Buying an electric vehicle (EV) was always a long-held dream of David Haynes, but never something he’d envisaged doing right now simply because he assumed it would be out of his price range.
But three months ago David and his wife, Sharn, became the proud owners of a secondhand 2016 30kWh Nissan Leaf that only set them back $27,000 including 12 months’ registration and insurance.
Until their purchase, the couple and their two boys, aged four and five, were a one-car family. But, like many, they started to find the juggle between kindergarten and child care drop-offs to different locations, the work commute and various extracurricular afternoon activities was too much to manage with just the one vehicle.
They were motivated to do some research into EVs as they were keen to minimise the environmental impact that owning and driving a second car would entail.
With two cars, the morning and evening rush has become less hectic, and the kids are suitably impressed with their new car, which they’ve nicknamed ‘electric blue’.
David says it has taken a little bit of time to get used to how quiet the Nissan Leaf is, as well as how zippy.
“It’s really smooth and surprisingly fast when it takes off at the lights,” he says.
One safety feature that comes with the vehicle is a slight beeping noise when reversing to warn pedestrians, simply because it is so quiet.
David says they quickly learned that unlike a traditional petrol vehicle, a little bit of planning is involved, both with its charging and driving schedule.
The EV has a range of 150km when fully charged so the couple generally decide every evening who will be doing the most driving the next day and they take the electric car.
David explains he wouldn’t quite be ready to make the switch to owning two electric cars because with a 150km range, trips to the NSW South Coast to see his parents who live there would likely be out of range, even when the supercharger network is factored in.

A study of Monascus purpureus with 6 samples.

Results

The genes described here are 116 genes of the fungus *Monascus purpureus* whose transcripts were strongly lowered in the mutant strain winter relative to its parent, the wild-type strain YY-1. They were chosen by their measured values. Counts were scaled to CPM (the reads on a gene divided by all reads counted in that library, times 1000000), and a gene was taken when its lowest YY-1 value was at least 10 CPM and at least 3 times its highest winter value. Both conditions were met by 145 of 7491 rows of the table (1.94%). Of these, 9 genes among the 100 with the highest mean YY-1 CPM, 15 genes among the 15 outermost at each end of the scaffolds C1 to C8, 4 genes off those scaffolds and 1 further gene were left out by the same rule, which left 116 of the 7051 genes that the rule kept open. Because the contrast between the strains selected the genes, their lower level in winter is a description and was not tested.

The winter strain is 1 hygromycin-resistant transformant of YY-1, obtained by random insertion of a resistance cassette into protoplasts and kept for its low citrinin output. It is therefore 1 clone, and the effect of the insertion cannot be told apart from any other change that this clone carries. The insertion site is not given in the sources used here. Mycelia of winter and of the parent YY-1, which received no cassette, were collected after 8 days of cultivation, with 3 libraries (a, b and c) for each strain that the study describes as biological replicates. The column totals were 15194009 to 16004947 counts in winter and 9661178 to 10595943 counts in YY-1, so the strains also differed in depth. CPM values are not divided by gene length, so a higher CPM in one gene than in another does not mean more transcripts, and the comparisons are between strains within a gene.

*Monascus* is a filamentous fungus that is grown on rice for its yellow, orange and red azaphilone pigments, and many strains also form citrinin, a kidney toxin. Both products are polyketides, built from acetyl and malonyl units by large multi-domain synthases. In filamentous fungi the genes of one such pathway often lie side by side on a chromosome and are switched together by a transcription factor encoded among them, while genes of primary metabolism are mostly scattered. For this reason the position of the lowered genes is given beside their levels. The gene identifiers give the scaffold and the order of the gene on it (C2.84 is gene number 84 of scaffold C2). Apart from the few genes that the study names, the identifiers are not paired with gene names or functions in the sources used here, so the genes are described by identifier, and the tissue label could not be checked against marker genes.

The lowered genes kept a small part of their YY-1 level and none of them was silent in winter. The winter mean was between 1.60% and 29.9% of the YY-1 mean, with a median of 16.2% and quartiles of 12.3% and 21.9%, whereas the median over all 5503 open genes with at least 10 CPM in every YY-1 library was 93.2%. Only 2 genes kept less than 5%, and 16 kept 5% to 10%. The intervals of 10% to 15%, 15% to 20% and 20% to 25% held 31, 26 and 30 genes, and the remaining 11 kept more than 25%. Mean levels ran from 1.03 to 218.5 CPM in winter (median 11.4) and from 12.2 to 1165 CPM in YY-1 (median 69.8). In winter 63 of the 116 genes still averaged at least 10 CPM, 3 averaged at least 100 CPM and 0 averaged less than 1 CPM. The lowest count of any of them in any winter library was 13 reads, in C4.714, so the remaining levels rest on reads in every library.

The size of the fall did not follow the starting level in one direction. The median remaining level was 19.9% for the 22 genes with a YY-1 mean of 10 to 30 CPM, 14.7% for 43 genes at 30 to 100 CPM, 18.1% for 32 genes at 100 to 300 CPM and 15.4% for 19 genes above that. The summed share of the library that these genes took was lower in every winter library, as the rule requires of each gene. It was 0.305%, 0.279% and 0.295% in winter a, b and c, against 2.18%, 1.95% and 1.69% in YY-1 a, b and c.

This is also because the range is reduced when going uphill or highway driving.
David says initially there was a sense of ‘range anxiety’ about getting caught out somewhere with a flat battery so when he and Sharn started exploring the market, they thought they’d need a car with a bigger battery.
But this comes at a cost and after talking through their actual needs with the team at Ion DNA electric vehicle showroom in Canberra, they decided the extra range wasn’t required because the new car would be used as their main run-around town car, and should the need arise, they still have their older petrol car for any long trips.
“I haven’t yet had to worry too much about driving to conserve power as much as possible,” says David.
“We are pretty conservative with how we drive it, and generally don’t like to see the range get too close to the bottom.”
In terms of its charging schedule, David and Sharn charge the 30 kWh battery to about 80-90 per cent so its health is maintained.
“It’s a bit like with your phone – if you leave it on charge all the time, you simply degrade the battery quality,” he says.
“So we generally plug it in to charge for around four or five hours in the evening, depending on how much driving has happened that day.”
The Nissan Leaf model they own also has a built-in charging timer which means you simply set a routine charging schedule on particular evenings of the week and then plug it in and let it go.
In terms of an impact on electricity bills, it’s been minimal and more than offset by the reduction in petrol costs. They also haven’t yet needed rapid or fast chargers, although they are prepared.
Originally, David and Sharn found that there really wasn’t a huge secondhand electric vehicle market in Canberra, and most of the dealers they approached didn’t know a huge amount about things such as the health of the battery.
With free registration now on offer from the ACT Government, it’s likely there will be more EVs gracing Canberra’s streets sooner rather than later.
See the full range of Ion DNA’s electric vehicles online.